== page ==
2017-09-07 — therealdeal.com
... in July -- after three years on the market and several price reductions -- the [Ganek's] luxurious apartment sold for a muted $25.3 million. Though nearly a $6 million profit, the home still sold at a 43 percent discount from its original asking price... In July, a co-op at 765 Park sold for $19 million, a $7 million discount from what it was first asking in January. In the same month, a full-floor co-op at the Sherry Netherland building at 781 Fifth Avenue had $3 million knocked off its price; it's now on the market asking $32 million...
The prime Upper East Side neighborhood -- which stretches north from East 59th to East 96th streets, and from Fifth Avenue east over to Lexington Avenue -- had long been considered the most prestigious place to live in New York City. In the days before Billionaires' Row, a grand prewar co-op on one of the neighborhood's avenues was the ultimate trophy property.
But with new development condominiums springing up all over the city, the Upper East Side's pricey co-ops are facing stiff competition.
To get a better idea of how the luxury co-op market has been impacted, The Real Deal looked at sales that closed at $5 million and above within the first six months of each of the last six years. While the number of co-op sales peaked in the first half of 2014, and remained steady in the first half of 2017 -- hovering between 50 and 60 -- dollar volume plummeted 33 percent, from $900 million to $600 million over the same period.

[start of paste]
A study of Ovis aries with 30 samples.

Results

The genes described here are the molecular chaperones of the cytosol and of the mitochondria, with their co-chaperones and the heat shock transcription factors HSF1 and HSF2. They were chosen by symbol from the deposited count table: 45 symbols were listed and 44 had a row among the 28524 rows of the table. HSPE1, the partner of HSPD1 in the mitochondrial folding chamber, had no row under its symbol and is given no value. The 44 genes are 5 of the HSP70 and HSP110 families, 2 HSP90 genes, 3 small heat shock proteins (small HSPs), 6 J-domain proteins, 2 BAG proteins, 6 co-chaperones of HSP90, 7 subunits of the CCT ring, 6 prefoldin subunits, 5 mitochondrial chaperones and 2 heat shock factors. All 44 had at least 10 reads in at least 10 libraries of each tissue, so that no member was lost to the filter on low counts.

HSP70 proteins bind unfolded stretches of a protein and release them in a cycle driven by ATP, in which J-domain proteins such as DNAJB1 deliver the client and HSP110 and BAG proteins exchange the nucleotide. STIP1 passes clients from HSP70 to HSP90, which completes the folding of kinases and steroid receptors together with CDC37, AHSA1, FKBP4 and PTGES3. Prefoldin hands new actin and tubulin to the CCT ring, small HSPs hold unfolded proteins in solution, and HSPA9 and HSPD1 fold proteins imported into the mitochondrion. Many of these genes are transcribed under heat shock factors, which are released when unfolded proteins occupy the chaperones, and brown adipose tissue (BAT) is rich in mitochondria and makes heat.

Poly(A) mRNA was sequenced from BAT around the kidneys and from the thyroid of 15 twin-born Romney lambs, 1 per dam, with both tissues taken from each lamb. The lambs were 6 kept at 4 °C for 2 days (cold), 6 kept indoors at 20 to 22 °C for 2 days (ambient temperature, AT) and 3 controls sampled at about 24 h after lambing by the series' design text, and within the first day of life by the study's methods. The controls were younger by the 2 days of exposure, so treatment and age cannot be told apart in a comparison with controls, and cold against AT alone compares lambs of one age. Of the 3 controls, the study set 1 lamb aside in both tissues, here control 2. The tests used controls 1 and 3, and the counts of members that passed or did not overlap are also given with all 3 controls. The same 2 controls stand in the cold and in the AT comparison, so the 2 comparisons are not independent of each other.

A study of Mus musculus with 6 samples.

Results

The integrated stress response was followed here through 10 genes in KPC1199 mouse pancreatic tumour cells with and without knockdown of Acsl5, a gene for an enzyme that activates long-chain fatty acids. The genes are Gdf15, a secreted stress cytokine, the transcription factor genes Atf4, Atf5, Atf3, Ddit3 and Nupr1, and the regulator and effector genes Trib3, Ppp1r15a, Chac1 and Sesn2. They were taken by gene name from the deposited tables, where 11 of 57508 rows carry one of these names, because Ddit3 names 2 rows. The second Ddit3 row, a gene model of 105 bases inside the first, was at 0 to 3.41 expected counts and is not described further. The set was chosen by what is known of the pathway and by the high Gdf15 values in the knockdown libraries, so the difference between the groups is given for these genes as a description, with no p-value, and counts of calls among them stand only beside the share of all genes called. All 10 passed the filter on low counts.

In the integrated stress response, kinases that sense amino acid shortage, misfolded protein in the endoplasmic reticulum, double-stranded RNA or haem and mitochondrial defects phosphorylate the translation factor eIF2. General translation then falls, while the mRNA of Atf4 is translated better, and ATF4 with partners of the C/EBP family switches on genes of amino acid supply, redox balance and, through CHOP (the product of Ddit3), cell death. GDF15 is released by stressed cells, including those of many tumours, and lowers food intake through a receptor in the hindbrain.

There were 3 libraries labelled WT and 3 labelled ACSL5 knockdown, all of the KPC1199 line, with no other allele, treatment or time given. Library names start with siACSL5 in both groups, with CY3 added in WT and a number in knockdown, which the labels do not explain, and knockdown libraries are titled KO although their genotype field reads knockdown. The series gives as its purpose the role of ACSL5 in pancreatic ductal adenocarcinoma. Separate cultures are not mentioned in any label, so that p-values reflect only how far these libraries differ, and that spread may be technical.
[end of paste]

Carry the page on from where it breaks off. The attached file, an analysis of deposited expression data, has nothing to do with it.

"Everybody wants Downtown, they want condo ownership, and they want contemporary living ... it's a perfect storm," said Stribling & Associates broker Kirk Henckels, who has worked on the Upper East Side for 35 years. "This is a seismic shift in residential preference. This is not a trend."
"They want the Tribeca trophy properties if they are spending the megabucks," said Triplemint's Tyler Whitman. "It's hard to get someone to spend $3,000 or $4,000 per foot on the Upper East Side." Douglas Elliman's Richard Steinberg echoed that sentiment. "Right now, most people want light, bright and a lot of glass -- you don't get that on the Upper East Side," he said.